COMPARATIVE STUDY
JOURNAL ARTICLE

Total tau protein in cerebrospinal fluid and diffusion-weighted MRI as an early diagnostic marker for Creutzfeldt-Jakob disease

Katsuya Satoh, Susumu Shirabe, Akira Tsujino, Hiroto Eguchi, Masakatsu Motomura, Hiroyuki Honda, Iturou Tomita, Akira Satoh, Mitsuhiro Tsujihata, Hidenori Matsuo, Masanori Nakagawa, Katsumi Eguchi
Dementia and Geriatric Cognitive Disorders 2007, 24 (3): 207-12
17690553

BACKGROUND: We have recently begun to doubt the effectiveness of periodic sharp wave complexes observed on electroencephalographs and the detection of 14-3-3 protein in cerebrospinal fluid (CSF) as diagnostic criteria for Creutzfeldt-Jakob disease (CJD). Diffusion-weighted magnetic resonance imaging (DWI) and the detection of total tau (t-tau) protein in CSF may be more sensitive diagnostic criteria.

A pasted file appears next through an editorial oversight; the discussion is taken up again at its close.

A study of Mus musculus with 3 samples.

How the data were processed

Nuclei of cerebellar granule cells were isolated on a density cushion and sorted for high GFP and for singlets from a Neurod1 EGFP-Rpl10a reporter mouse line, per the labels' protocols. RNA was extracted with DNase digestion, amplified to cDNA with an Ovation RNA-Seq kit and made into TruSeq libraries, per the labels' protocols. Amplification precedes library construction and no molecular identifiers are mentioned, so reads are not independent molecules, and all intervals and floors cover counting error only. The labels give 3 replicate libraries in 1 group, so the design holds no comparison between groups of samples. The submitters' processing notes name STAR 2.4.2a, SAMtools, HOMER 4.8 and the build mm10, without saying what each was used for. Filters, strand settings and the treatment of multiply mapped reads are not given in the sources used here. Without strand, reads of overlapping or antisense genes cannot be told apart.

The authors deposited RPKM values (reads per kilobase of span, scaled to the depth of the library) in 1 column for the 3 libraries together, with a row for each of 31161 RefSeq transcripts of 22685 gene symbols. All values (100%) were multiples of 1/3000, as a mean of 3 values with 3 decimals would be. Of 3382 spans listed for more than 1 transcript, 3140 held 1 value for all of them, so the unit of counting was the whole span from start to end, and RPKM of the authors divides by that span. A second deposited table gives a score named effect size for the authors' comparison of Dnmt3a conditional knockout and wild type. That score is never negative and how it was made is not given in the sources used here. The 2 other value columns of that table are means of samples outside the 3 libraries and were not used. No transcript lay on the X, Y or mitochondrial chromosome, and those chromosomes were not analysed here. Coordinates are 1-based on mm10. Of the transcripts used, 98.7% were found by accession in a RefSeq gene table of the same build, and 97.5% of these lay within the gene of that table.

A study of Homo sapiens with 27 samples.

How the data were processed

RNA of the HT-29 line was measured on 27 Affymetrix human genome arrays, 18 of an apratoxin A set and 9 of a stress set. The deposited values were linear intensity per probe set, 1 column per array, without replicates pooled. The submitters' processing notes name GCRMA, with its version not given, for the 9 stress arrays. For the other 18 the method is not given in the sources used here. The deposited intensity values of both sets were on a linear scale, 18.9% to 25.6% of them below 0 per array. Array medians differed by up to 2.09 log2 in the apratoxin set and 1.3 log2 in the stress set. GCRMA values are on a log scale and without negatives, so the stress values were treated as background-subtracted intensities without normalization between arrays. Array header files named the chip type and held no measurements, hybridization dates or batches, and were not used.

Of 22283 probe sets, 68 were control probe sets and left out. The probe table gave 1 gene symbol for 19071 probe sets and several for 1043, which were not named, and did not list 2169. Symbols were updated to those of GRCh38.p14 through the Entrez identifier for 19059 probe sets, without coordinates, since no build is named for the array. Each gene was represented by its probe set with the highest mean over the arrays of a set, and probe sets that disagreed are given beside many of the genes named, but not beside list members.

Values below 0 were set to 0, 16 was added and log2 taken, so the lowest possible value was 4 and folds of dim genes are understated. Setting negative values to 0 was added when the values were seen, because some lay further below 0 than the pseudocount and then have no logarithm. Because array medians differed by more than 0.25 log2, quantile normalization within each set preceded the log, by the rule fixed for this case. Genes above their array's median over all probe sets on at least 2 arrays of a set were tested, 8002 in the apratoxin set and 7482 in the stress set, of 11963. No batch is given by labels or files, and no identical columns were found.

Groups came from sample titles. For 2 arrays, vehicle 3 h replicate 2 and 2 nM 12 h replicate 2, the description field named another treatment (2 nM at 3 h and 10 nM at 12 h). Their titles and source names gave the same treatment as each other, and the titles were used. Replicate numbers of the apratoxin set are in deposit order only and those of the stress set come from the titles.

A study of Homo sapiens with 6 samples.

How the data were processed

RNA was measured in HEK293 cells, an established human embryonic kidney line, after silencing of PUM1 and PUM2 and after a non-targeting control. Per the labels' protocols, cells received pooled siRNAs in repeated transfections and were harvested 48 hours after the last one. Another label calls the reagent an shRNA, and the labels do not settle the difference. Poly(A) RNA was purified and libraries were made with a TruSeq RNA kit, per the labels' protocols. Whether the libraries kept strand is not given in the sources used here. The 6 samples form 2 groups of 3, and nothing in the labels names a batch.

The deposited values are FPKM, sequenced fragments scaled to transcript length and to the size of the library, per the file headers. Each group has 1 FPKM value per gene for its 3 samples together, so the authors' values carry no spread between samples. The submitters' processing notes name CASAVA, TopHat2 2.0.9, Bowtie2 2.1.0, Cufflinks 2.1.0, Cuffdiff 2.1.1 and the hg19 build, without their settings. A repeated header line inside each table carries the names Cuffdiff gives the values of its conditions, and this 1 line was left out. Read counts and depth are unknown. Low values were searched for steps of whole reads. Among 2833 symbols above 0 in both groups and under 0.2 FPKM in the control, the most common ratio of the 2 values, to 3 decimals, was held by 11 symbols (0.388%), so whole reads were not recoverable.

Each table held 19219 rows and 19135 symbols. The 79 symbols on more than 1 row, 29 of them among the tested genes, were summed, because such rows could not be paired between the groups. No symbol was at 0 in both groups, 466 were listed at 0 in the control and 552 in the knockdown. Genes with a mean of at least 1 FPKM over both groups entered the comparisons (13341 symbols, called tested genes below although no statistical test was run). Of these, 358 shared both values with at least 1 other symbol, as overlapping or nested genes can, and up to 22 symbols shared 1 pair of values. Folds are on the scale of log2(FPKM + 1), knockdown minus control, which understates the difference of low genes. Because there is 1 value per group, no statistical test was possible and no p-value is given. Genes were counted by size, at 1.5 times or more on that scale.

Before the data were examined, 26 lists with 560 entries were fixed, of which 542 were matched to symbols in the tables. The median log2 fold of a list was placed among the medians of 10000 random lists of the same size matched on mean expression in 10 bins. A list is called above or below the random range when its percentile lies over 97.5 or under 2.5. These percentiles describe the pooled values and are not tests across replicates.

METHODS: Among 44 CJD patients, we selected 21 subjects that suffered from early-stage CJD, which was defined as cases in the 6 weeks following the onset of the disease. The sensitivities of DWI and electroencephalographs, as well as those of t-tau protein, 14-3-3 protein, neuron-specific enolase (NSE), and S-100b protein in CSF were compared as diagnostic markers for early-stage CJD.

RESULTS: NSE, S-100b protein, t-tau protein, and 14-3-3 protein were detected in the samples from 57.1, 4.8, 95.2, and 76.2% of the 21 early-stage CJD patients, respectively. Additionally, DWI was used to positively identify 90.5% of these cases.

CONCLUSION: We concluded that t-tau protein was the most sensitive of the diagnostic markers for CJD. Moreover, the data in this study showed that detection of t-tau protein combined with DWI identified 98% of the early-stage cases, and these tests should be included as diagnostic criteria for CJD.